Gerry Fox, the coordinator of bridge activities for Oceania Cruises, is a bridge expert and has taught the game full-time for more than 40 years. He is an ACBL Diamond Life Master and the author of several books on the subject. Below, Gerry shares his expert insight on the game.


  1. Majors are more important than minors. This is absolutely true in selecting a final contract; that is, during the captaincy phase of the auction. But, it is patently false when describing what your hand looks like. During description, all four suits are equal.
  2. When answering 1C, it is better to skip over the diamonds to bid a major suit first. Not only does this violate descriptive integrity, it prevents the opener from drawing proper inferences. It is a short-cut to majors with no concern for showing the correct hand pattern. Moreover, it creates rebid problems for the opener that are easily avoided by bidding one-over-one. For example, suppose you hold  xx  KQJx  xx  AQxxx; if you open 1C, consider the situation when your partner responds either 1D, when it’s so easy to rebid 1H, or alternatively 1S, when it is hard to bid the hearts, since 2H would promise extra strength.
  3. The 1C opener might have only a 3-card suit. True enough, but only in about 35% of all cases; 65% of time, the opener will hold four or more club cards. Why assume the worst, when the normal is more likely?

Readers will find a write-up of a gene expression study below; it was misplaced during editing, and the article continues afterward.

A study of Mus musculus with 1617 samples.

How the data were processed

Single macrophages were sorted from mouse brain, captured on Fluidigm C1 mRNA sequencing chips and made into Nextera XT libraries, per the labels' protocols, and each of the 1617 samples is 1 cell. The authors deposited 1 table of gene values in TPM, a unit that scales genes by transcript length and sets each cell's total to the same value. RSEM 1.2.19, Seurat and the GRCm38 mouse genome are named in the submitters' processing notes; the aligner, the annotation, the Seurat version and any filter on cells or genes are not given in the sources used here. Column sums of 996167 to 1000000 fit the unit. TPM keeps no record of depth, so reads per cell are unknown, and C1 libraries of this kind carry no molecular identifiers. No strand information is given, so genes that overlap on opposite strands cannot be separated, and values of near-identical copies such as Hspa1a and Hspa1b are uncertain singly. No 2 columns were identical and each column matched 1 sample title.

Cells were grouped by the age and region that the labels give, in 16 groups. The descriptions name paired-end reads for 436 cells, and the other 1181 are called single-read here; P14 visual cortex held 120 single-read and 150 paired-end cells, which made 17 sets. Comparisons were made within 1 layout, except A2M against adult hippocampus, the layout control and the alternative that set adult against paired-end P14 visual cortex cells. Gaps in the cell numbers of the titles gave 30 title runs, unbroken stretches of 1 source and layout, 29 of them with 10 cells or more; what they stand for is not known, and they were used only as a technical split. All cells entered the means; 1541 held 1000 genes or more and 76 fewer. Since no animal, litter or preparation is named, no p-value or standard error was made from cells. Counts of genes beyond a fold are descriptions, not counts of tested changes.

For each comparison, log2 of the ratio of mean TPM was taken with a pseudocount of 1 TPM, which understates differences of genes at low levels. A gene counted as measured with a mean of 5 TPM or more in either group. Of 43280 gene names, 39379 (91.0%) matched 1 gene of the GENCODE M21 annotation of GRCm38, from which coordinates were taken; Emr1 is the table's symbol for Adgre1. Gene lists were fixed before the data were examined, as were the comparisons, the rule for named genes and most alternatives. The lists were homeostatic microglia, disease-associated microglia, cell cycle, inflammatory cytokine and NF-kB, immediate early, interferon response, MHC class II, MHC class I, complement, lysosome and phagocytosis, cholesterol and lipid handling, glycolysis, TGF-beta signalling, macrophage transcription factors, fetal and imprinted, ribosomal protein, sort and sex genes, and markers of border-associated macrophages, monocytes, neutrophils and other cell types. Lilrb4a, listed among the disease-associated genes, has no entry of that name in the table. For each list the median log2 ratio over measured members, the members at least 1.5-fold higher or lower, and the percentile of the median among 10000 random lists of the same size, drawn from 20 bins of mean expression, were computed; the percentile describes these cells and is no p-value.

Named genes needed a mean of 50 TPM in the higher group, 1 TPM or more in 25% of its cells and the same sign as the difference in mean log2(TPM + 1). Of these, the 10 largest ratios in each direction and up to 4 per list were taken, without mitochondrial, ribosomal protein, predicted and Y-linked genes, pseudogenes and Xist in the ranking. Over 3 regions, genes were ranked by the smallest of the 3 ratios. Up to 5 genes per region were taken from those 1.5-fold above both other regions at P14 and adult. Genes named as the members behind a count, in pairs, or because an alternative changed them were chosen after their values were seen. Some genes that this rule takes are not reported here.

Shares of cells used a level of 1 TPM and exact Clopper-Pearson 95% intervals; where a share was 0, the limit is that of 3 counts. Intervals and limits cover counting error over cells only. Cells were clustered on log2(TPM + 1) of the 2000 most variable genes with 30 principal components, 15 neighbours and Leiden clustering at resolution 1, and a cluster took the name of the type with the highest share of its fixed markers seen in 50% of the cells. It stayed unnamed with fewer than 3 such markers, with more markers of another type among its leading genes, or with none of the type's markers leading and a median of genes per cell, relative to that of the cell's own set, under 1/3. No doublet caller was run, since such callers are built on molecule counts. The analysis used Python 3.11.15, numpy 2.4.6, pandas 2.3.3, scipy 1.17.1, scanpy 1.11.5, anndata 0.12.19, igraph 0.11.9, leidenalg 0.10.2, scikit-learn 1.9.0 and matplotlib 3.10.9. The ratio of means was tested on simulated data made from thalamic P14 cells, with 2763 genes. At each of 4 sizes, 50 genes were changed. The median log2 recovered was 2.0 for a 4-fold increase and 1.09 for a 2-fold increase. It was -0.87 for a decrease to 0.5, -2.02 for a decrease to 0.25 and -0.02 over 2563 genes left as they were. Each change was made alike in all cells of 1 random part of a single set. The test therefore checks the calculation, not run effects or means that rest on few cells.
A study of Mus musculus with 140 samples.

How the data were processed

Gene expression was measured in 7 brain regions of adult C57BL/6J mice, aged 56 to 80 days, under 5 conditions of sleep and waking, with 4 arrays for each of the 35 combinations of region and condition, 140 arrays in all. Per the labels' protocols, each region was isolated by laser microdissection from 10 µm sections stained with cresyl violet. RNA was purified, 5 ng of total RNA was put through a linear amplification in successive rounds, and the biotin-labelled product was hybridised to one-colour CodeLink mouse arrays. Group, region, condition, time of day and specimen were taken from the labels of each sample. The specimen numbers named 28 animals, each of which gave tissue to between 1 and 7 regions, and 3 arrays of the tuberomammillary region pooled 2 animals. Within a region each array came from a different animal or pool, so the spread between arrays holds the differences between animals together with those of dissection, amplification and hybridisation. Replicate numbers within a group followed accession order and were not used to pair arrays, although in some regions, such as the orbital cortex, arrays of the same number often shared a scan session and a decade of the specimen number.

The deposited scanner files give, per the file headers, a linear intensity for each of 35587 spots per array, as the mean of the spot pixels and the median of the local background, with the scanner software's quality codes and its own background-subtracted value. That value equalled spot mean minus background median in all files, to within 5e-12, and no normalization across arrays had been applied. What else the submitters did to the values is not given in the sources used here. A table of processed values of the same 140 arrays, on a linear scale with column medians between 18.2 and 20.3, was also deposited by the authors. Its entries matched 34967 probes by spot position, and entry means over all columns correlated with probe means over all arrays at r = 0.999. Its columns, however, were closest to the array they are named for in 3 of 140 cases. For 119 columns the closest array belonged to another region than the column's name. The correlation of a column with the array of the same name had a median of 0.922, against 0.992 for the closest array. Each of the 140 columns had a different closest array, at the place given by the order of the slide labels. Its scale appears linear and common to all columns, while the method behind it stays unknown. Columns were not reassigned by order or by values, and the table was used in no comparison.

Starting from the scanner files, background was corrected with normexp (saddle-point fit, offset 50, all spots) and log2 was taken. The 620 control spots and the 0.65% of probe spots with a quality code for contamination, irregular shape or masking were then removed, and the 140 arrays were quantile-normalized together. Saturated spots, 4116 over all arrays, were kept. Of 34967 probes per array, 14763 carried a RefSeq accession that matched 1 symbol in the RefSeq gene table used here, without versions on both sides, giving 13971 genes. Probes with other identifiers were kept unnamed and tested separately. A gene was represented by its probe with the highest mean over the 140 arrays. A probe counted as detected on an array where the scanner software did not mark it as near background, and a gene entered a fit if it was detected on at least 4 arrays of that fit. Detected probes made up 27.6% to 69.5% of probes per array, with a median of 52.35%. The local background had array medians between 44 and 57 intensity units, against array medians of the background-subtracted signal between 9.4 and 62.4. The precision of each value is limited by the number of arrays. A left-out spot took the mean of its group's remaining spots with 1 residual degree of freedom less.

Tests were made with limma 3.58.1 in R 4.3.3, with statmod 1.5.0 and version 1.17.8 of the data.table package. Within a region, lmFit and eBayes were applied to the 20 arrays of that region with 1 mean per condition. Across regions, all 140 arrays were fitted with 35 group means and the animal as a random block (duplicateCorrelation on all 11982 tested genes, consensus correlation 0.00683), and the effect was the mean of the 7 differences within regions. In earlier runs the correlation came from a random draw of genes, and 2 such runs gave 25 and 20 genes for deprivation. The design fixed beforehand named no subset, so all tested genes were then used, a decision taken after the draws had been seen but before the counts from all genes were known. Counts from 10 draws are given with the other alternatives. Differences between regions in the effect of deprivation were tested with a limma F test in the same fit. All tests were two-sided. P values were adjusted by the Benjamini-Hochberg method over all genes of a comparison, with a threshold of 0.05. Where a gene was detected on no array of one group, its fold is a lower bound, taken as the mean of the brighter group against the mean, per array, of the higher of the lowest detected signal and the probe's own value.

4. If you have to open a 3card minor, choose the better one. Unfortunately, this creates as many problems for the diamond suit as now exist for the clubs. Most experts today agree that the only time to open a 3-card diamond suit is with two 4-card majors and just two clubs. This occurs on fewer than 4% of all diamond openers.
  5. If you respond in a minor, you might “lose” a majorsuit fit. This is just nonsense. We have so many conventional bids and balancing bids to cover these situations that you lose the suit only when the hand truly belongs to the opponents.

Stay tuned for more bridge tips on our blog and join Oceania Cruises on a bridge cruise in 2016!